Following a round-table forum with legislators and government officials, international campaigners yesterday called for swift passage of a national refugee act.
The forum in Taipei was sponsored by the Legislative Yuan’s International Human Rights Caucus, the Asia Pacific Refugee Rights Network and the Taiwan Association for Human Rights.
New Zealander Allan Mackey, former president of the International Association for Refugee Law Judges, said he and other international participants at the forum were all strongly encouraged by the legislature’s taking up of the proposed act.
Photo: Liao Chen-huei, Taipei Times
Passage of a refugee act would represent the completion of the “third leg” of a human rights “stool” that includes the International Covenant on Civil and Political Rights (ICCPR) and the Convention against Torture, he said, adding that asylum should be considered as a right — not a privileged exception to immigration regulations.
“What the world faces now isn’t a ‘refugee crisis’ — I call it a responsibility crisis,” said Asian Pacific Refugee Rights Network chair Yiombi Thona, a former Democratic Republic of the Congo intelligence officer who later sought asylum in South Korea.
“Since the beginning of this world, there has forced movement of people — the reason it’s become a crisis today is because people are now shutting doors and fearing the stranger,” Thona said.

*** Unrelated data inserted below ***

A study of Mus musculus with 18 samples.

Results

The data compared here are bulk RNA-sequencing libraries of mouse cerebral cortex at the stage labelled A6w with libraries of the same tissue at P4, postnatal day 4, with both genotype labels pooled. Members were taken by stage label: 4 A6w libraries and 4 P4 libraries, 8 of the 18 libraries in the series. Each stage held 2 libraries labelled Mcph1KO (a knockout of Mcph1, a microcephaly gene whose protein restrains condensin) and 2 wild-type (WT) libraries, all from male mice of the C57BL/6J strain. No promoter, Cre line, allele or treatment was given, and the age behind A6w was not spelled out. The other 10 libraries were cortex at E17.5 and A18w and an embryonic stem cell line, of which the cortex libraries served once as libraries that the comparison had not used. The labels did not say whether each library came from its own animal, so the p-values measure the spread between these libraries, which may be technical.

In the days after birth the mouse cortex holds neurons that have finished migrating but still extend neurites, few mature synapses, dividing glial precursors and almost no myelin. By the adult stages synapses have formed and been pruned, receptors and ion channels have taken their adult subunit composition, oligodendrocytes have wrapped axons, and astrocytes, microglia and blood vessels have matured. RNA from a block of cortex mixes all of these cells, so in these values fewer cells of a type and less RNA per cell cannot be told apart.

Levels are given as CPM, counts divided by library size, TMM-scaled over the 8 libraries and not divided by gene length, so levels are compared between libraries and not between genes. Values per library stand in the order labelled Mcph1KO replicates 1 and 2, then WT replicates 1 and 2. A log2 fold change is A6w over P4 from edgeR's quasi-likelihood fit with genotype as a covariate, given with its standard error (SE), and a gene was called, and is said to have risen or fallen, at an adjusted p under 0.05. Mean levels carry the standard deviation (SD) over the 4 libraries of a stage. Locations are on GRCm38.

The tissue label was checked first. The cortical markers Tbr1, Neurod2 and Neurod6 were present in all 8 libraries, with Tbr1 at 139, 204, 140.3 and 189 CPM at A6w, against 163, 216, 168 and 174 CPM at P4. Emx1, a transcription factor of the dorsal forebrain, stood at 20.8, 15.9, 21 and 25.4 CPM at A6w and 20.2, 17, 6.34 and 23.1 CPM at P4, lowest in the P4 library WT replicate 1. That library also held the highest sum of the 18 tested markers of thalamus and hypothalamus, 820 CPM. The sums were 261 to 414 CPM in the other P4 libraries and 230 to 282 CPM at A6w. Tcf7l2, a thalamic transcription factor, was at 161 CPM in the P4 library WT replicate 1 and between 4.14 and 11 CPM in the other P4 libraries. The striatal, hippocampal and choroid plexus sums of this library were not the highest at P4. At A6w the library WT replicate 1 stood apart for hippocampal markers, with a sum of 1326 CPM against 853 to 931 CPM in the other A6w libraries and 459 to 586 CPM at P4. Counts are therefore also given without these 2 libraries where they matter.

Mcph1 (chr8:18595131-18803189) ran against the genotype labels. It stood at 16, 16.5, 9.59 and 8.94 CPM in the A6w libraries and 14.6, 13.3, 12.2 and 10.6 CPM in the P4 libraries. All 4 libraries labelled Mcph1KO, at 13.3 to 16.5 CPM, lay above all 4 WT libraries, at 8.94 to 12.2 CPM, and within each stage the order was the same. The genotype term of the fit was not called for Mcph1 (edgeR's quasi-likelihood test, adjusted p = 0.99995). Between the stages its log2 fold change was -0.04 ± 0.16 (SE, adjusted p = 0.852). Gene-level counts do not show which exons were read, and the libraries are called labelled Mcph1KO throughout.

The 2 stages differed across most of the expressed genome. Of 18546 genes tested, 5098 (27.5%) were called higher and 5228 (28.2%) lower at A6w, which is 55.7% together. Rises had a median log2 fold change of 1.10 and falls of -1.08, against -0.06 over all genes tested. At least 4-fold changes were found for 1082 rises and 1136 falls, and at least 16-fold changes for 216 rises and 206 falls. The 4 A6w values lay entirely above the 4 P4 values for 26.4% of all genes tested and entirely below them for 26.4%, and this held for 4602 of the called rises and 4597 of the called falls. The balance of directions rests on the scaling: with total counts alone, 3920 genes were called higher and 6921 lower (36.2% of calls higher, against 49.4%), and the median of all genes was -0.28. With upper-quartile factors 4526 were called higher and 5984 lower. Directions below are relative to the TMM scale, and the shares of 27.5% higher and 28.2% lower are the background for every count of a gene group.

A draft refugee act passed its initial review at the legislature’s Internal Administration Committee on July 14 last year, but has yet to come up for a vote in the general assembly.
Asked if she was confident that the proposed act would be passed, Democratic Progressive Party (DPP) Legislator Yu Mei-nu (尤美女) said reporters should “ask DPP caucus whip [Ker Chien-ming (柯建銘)].”
“Educating society” and “sensitive relations with China” were two main challenges that need to be addressed for the legislation to be passed, she said.
“There is a legal provision which clearly states that we will not accept people who have already had the opportunity to seek asylum in other countries, so the vast majority of asylum seekers will be coming from China or Southeast Asia,” Yu said.
Legislative approval was also complicated by the need to simultaneously revise the Act Governing Relations with Hong Kong and Macau (香港澳門關係條例) and the Act Governing Relations Between the People of the Taiwan Area and the Mainland Area (臺灣地區與大陸地區人民關係條例).